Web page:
U.S.A. -(Ammoland.com)- President Donald Trump is the most vocal supporter of the Second Amendment to the Constitution that has ever inhabited the White House.
Before 1934, there were few restrictions on firearm purchases and virtually none at the federal level. It is not surprising that before 1934, presidents said little about the Second Amendment.
Franklin Delano Roosevelt was blatantly anti-Second Amendment. He showed it with his court picks and the attempt to register and license all handguns in the United States. While the attempt failed, the first serious federal gun law, the National Firearms Act, was passed as a compromise.
Only President Trump has given serious support to the Second Amendment in the 85 years since. Most have tended to be neutral; Democrats became eager to impose more infringements in the 1960's when the entire party was radicalized. President Reagan was supportive, but not as much as President Trump.
What has President Trump done to restore the Second Amendment?
The most obvious, long lasting and consequential actions are President Trump's pick of originalist and textualist Supreme Court justices, Neil Gorsuch and Brett Kavanaugh.
These two justices mean the infringements of Second Amendment rights winked at by the Supreme Court in the last three years, will probably be stopped and rolled back. The Supreme Court will probably validate the right to bear arms outside the home, not just to be able to carry a pistol from the kitchen to the bedroom. It is likely the Supreme Court will hold the Second Amendment protects ammunition sales and the private sale of firearms as well as to mere possession.
Without originalist and textualist justices on the Supreme Court, the circuit courts would be allowed to run roughshod over Second Amendment rights, just as they did for 80 years after the Miller decision. During that period, the Supreme Court simply refused to hear any cases involving the Second Amendment. That will not happen.
We can thank President Donald Trump. President Trump had to drag the Republican party over the finish line, but he was able to do so.
There are other consequential victories from the Trump administration. They are worthwhile.
The Department of Justice reached a settlement with Defense Distributed and the Second Amendment Foundation on removing the ITAR restrictions that had been put in place by the Obama administration. The ITAR restrictions criminalized the transfer of computer code on how to make guns, at least over the Internet. The ITAR restrictions imperiled both the First and Second Amendments. A lawsuit against the settlement is in progress. It will fail.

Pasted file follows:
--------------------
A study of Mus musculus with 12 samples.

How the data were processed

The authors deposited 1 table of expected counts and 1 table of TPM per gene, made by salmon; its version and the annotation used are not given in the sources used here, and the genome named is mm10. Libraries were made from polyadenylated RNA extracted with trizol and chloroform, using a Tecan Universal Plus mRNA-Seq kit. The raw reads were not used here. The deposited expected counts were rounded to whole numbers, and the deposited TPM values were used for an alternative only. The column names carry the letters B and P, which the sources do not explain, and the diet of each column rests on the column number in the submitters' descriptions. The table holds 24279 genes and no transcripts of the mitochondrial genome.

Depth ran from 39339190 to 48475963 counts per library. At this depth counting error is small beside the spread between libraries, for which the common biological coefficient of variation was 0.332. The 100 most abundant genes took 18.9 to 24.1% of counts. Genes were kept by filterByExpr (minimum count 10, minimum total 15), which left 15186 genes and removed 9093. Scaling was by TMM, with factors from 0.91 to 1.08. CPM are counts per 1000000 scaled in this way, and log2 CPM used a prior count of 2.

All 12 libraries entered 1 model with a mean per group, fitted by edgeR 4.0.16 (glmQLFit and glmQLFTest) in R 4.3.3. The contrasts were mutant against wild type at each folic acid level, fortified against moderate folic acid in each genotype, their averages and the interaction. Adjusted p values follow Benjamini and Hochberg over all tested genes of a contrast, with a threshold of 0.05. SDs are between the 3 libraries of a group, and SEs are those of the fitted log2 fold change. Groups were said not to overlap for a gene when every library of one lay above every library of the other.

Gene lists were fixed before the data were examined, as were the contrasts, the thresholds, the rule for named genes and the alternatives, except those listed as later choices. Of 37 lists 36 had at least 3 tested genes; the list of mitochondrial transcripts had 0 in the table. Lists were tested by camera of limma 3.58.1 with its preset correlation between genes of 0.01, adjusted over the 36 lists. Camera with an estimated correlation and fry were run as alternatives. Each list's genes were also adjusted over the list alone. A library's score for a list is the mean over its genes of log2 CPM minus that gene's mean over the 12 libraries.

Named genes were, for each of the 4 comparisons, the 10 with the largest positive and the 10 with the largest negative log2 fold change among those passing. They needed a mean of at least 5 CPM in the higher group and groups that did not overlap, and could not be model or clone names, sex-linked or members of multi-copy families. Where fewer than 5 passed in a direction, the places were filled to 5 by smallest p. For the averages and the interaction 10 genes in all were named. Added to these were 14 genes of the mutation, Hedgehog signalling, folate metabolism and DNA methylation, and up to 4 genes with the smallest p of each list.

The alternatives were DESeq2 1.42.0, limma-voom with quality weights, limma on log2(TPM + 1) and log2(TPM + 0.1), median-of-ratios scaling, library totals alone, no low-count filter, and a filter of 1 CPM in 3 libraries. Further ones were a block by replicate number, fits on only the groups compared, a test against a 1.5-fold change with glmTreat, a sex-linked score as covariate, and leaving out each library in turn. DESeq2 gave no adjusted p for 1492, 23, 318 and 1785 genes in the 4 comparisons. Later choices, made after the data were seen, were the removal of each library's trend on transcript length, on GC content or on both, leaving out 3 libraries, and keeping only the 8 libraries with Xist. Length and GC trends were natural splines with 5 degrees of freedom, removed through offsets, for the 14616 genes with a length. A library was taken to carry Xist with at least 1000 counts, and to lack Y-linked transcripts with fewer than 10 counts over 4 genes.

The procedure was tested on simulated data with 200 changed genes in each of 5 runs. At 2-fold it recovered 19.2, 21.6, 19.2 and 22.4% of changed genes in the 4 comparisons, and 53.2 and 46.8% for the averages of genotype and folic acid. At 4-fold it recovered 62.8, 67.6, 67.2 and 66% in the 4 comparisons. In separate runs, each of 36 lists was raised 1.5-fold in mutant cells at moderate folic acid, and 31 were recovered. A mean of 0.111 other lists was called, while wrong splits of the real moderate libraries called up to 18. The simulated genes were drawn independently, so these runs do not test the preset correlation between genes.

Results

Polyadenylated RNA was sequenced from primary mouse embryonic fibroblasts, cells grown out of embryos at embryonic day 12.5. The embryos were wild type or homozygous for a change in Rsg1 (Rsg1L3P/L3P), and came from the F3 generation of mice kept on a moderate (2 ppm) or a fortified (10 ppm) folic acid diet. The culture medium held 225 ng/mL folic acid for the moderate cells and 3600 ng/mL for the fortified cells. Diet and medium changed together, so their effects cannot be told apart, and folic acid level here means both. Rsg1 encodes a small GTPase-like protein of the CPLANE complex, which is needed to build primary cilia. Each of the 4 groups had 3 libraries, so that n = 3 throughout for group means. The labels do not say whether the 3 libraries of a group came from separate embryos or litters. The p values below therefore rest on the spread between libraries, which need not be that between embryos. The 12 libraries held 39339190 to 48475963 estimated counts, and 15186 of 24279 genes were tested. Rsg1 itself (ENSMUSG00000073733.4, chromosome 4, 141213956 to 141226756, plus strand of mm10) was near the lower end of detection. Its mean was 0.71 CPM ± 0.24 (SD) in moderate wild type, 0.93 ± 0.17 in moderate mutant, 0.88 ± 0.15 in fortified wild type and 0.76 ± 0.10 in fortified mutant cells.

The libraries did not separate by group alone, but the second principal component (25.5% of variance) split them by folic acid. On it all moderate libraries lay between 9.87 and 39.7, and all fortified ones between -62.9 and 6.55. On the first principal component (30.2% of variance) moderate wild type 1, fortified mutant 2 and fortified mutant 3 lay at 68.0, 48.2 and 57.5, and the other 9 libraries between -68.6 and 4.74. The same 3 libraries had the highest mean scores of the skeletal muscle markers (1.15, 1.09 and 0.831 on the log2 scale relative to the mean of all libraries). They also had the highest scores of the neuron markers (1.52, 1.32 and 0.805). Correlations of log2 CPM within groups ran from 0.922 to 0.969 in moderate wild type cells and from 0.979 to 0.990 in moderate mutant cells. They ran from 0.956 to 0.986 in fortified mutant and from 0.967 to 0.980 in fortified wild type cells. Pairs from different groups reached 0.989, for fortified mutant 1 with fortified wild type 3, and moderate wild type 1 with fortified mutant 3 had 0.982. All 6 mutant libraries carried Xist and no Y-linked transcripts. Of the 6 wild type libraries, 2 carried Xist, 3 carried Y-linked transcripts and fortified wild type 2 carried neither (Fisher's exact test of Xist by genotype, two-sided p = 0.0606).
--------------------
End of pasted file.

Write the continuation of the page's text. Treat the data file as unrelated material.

The Corps of Engineers (COE) agreed to settle the two cases challenging the Constitutionality of bans on the exercise of the Second Amendment on lands administered by the COE. Rulemaking on those agreements is still in progress. Those should support Second Amendment rights on COE managed property.
Importantly, President Donald Trump defends the concept of armed self-defense. As a person who actively held a difficult to obtain concealed carry permit in New York City, he views reality with the gaze of an armed man.
From school shootings, where he has championed the use of armed teachers to defend their charges, to the current outrage of the Pittsburgh synagogue mass murder by a Trump hating anti-Semite, he has refused to bow to those who want a disarmed population. The Left is continually outraged with President Trump's contention that more armed citizens would result in fewer mass murder victims.
We have not seen progress on national reciprocity or the hearing protection act. President Trump has lacked the support of his party for the first year and a half of his Presidency. That has been changing. President Trump has been winning over adversaries among the Republicans, just as he has been winning on many national issues.
It has become trite to call the upcoming election the most important election ever. The American system of government has proven amazingly durable. However, over the last 50 years, we have seen a steady erosion of the power and freedoms of the citizenry.
President Trump's election has set the stage for stopping the juggernaut of Progressivism, Globalism, and the massive regulatory state that continually infringes on all our rights as free people.
The loss of the House or the Senate will stop his reforms. Nothing will be accomplished except for endless investigations and calls for impeachment. Many Democrats are calling for the impeachment of Justice Kavanaugh and packing the Supreme Court with more Progressive justices when they take the Presidency, perhaps in 2020.
I do not think that will happen. It all depends on President Trump's supporters going to the polls and retaining Republican party control over the House of Representatives and the Senate.
President Trump, in two years, has been able to convince, cajole, and construct a Republican party in his image. Control of the House and the Senate is necessary to enact his much-needed reforms. All indication are the races will be settled by which party's voters decide to go to the polls.
President Trump has the numbers if his supporters are willing to take the time to vote.
About Dean Weingarten:
Dean Weingarten has been a peace officer, a military officer, was on the University of Wisconsin Pistol Team for four years, and was first certified to teach firearms safety in 1973. He taught the Arizona concealed carry course for fifteen years until the goal of constitutional carry was attained. He has degrees in meteorology and mining engineering, and recently retired from the Department of Defense after a 30 year career in Army Research, Development, Testing, and Evaluation.